By George Markfelder, Military District of Washington public affairs officeMay 10, 2012
WASHINGTON (Army News Service, May 10, 2012) -- More than a thousand visitors to Joint Base Myer, Henderson Hall in Arlington, Va., walked, bused, drove and taxied during some nasty weather May 9, to watch the time-honored tradition of a "Twilight Tattoo."
The event was hosted Vice Chief of Staff of the Army Gen. Lloyd J. Austin III. The event is normally performed outdoors, but due to bad weather in the nation's capital region, it was moved indoors. Approximately 60 Wounded Warriors also attended as honored guests of Austin, who became the 33rd vice chief of staff in January.
Under the evening sky or inside, the show is a blend of precision and discipline of the 3rd U.S. Infantry Regiment (The Old Guard) with the orchestral sounds of the U.S. Army Band, also known as "Pershing's Own." This free and open-to-the-public performance is scheduled to entertain thousands more each Wednesday night at JBMHH during the summer, until the end of August.
The history of Twilight Tattoo began more than 300 years ago as British troops were summoned from the warmth and hospitality of local pubs by a bugle and drum call to return to the barracks. The familiar tune told tavern owners "doe den tap toe," or "time to turn off the taps." The troops knew the call to mean "taps off," and minutes later they were back in their tents.
The modern-day call is known as "Tattoo" and during basic training the call signals the time to quiet down and hit the bunks. Within the Military District of Washington, the call serves as a tribute dedicated to the vitality of the nation and to the sacrifices of those who forged America into the land of the free and the home of the brave. It is for America's forefathers and fellow Americans that MDW proudly presents Twilight Tattoo.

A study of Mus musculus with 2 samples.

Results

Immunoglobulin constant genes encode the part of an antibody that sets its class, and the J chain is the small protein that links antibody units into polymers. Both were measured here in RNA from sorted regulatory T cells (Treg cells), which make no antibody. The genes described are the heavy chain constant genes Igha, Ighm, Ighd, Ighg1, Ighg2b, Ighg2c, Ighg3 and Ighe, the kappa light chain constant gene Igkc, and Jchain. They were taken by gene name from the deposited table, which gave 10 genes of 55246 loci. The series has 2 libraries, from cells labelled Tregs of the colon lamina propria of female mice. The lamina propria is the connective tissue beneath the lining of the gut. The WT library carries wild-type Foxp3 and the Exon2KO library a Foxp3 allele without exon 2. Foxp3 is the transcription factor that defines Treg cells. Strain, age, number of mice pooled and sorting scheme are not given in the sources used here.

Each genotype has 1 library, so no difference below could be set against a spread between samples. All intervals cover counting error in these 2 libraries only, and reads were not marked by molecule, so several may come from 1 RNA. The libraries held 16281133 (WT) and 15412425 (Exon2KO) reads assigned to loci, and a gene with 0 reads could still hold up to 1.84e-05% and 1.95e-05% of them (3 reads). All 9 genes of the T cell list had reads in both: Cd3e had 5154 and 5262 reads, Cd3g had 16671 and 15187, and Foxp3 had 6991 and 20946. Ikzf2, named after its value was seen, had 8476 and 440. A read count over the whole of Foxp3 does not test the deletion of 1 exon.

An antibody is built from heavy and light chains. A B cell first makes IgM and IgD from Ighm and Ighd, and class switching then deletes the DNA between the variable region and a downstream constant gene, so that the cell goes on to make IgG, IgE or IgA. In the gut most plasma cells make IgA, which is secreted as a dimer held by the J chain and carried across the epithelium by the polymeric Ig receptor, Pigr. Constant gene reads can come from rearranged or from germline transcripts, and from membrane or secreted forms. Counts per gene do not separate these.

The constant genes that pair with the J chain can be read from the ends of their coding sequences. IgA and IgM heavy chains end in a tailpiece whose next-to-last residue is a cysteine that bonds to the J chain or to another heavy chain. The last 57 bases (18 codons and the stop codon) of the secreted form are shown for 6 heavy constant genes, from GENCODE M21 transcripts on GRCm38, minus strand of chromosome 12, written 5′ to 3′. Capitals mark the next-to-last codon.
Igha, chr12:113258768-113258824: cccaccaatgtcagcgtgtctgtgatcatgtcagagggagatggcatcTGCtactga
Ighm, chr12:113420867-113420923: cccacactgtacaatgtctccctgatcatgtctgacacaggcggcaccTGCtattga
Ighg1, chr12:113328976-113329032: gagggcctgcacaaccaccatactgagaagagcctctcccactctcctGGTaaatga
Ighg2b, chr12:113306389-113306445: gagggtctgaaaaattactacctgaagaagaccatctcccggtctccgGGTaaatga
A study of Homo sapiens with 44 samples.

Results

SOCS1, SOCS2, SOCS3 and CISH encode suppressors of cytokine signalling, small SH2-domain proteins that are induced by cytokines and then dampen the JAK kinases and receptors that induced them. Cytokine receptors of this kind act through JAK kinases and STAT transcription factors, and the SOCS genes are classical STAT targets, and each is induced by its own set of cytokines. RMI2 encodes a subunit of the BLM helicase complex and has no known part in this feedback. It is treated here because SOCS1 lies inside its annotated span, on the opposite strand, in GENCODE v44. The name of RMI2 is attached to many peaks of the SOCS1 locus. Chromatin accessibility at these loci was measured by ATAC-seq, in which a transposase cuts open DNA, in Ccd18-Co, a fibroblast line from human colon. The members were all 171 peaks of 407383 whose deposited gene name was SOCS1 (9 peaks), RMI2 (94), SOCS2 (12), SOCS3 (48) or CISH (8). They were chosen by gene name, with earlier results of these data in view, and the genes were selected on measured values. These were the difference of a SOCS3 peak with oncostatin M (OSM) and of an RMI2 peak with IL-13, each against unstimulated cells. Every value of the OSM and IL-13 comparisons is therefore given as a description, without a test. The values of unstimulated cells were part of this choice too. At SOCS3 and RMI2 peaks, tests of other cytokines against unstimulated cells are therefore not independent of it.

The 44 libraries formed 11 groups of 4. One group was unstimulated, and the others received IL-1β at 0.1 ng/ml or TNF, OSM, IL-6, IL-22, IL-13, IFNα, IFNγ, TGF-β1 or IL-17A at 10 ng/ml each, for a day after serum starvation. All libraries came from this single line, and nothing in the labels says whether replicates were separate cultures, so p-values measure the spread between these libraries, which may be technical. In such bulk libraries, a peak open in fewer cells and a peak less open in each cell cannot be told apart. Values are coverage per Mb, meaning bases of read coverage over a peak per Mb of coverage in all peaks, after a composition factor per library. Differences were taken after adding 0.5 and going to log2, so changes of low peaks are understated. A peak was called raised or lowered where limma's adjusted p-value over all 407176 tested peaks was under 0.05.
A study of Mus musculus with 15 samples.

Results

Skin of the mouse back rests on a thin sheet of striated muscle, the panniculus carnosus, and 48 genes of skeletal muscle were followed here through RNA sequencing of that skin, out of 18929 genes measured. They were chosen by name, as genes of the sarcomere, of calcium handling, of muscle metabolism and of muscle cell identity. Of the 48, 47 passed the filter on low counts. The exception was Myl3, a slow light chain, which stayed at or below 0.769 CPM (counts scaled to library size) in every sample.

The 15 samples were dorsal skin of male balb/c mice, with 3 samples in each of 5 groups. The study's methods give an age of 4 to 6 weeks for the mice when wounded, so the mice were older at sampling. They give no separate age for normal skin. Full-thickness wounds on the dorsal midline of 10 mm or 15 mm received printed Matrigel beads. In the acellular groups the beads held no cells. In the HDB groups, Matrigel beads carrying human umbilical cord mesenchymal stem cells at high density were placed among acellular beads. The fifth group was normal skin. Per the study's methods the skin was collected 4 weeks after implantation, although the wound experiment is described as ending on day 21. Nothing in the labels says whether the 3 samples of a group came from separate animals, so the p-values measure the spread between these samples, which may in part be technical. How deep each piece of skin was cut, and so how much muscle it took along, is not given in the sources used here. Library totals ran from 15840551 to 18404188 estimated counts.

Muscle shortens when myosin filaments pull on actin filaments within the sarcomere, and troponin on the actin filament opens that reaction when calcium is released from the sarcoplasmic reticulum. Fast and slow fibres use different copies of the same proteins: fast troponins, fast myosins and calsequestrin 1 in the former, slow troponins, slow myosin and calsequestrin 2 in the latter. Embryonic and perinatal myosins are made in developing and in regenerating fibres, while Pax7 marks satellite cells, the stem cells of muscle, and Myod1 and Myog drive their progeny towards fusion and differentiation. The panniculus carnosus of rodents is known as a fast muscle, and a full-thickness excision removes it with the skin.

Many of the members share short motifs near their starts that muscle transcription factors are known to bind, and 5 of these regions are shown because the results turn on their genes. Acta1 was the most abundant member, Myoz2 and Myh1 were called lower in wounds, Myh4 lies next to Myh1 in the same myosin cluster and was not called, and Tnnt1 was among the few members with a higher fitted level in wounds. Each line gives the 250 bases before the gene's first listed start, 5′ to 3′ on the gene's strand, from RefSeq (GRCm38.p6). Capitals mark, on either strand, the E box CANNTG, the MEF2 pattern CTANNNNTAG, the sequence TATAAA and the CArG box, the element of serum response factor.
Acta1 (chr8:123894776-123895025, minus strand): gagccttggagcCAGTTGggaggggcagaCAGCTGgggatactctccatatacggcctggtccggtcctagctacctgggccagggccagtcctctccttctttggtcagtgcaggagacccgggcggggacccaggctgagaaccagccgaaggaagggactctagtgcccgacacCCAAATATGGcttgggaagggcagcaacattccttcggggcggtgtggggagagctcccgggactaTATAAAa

The MDW Twilight Tattoo can trace its own history back to the years before World War II. Then, on the grounds of Fort Myer, in Arlington, Va., the 3rd Cavalry Regiment, held military shows during the winter months. The Military District of Washington revived the traditional show in 1961 to showcase the talents of its ceremonial units.
As Twilight Tattoo grew in popularity, the Army adapted the show, its location and the time of year it was performed to fit the growing needs of the American people. Settling on performances in the nation's capital throughout the summer months, has allowed thousands of audience members to experience the ceremony and pageantry of the United States Army.